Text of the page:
Posted on Wed, May. 04, 2005
MY VIEW: PHARMACISTS SHOULD HAVE TO FILL ORDERS
BY JULIE BURKHART
There is an alarming trend among pharmacists who believe it is appropriate to force their personal beliefs on the very people they have pledged to serve in our communities across this nation. Some pharmacists do this by refusing to sell their female customers various methods of birth control.
It is reprehensible that these medical professionals would stand in self-righteous judgment of those seeking prescription medications for appropriate and legal medical care.
The American Pharmacists Association published a Code of Ethics for Pharmacists in 1994 to regulate licensed professionals. Section III recognizes and "promotes the right of self-determination and recognizes the individual self-worth by encouraging patients to participate in decisions about their health.... In all cases, a pharmacist respects personal and cultural differences among patients."
Section VIII states that a "pharmacist seeks justice in the distribution of health resources. When health resources are allocated, a pharmacist is fair and equitable, balancing the needs of patients and society."
Refusing to fill prescriptions based on personal ethical background is a violation of a pharmacist's professional obligation.
The American Civil Liberties Union Reproductive Freedom Project released a report in 2002 that found a majority of U.S. citizens overwhelmingly opposed allowing health care providers to deny services on the basis of religious or moral objections. A remarkable 86 percent of those polled opposed allowing pharmacies to refuse to fill prescriptions based on religious beliefs.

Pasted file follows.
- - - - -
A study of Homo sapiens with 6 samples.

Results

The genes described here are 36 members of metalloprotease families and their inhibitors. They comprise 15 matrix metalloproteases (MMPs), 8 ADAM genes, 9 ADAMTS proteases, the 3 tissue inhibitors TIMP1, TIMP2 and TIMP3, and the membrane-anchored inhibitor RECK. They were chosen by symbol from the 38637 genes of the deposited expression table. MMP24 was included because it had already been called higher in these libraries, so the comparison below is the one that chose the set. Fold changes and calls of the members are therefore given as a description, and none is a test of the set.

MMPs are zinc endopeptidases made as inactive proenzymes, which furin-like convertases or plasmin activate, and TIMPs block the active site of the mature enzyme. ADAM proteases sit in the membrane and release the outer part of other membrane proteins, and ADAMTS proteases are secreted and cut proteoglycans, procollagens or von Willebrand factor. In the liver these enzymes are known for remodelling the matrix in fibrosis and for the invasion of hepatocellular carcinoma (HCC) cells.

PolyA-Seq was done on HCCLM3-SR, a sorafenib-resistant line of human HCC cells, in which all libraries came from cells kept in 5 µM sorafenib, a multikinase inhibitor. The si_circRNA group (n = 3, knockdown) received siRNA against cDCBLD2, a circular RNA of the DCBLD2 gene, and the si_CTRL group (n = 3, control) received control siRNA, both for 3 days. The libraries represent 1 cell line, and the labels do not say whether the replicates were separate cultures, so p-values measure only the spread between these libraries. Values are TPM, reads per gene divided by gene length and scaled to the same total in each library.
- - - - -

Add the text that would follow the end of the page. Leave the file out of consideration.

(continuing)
American pharmacists should fill every prescription across the board, regardless of their own morals. The privacy between the patient, physician and pharmacist should remain strictly confidential.
Ultraconservative pharmacists are creating media frenzy and forsaking the bonds of privacy by violating their professional oath. In contrast, responsible pharmacists equitably serve the needs of the patient rather than furthering their own moralistic, political agendas.
A pharmacist's position in society is not to act as an activist for the anti-choice movement. Instead, pharmacists should compassionately recognize the inherent worth of their clients and be accepting of their clients' personal, religious and cultural differences. Unfortunately, misogynistic undertones haunt these pharmacists who discriminate against women by not providing access to birth control.
Women deserve to be provided with the highest quality of care and to be trusted with issues regarding their own bodies.
Julie Burkhart of Wichita is executive director of ProKanDo, a pro-choice political action committee.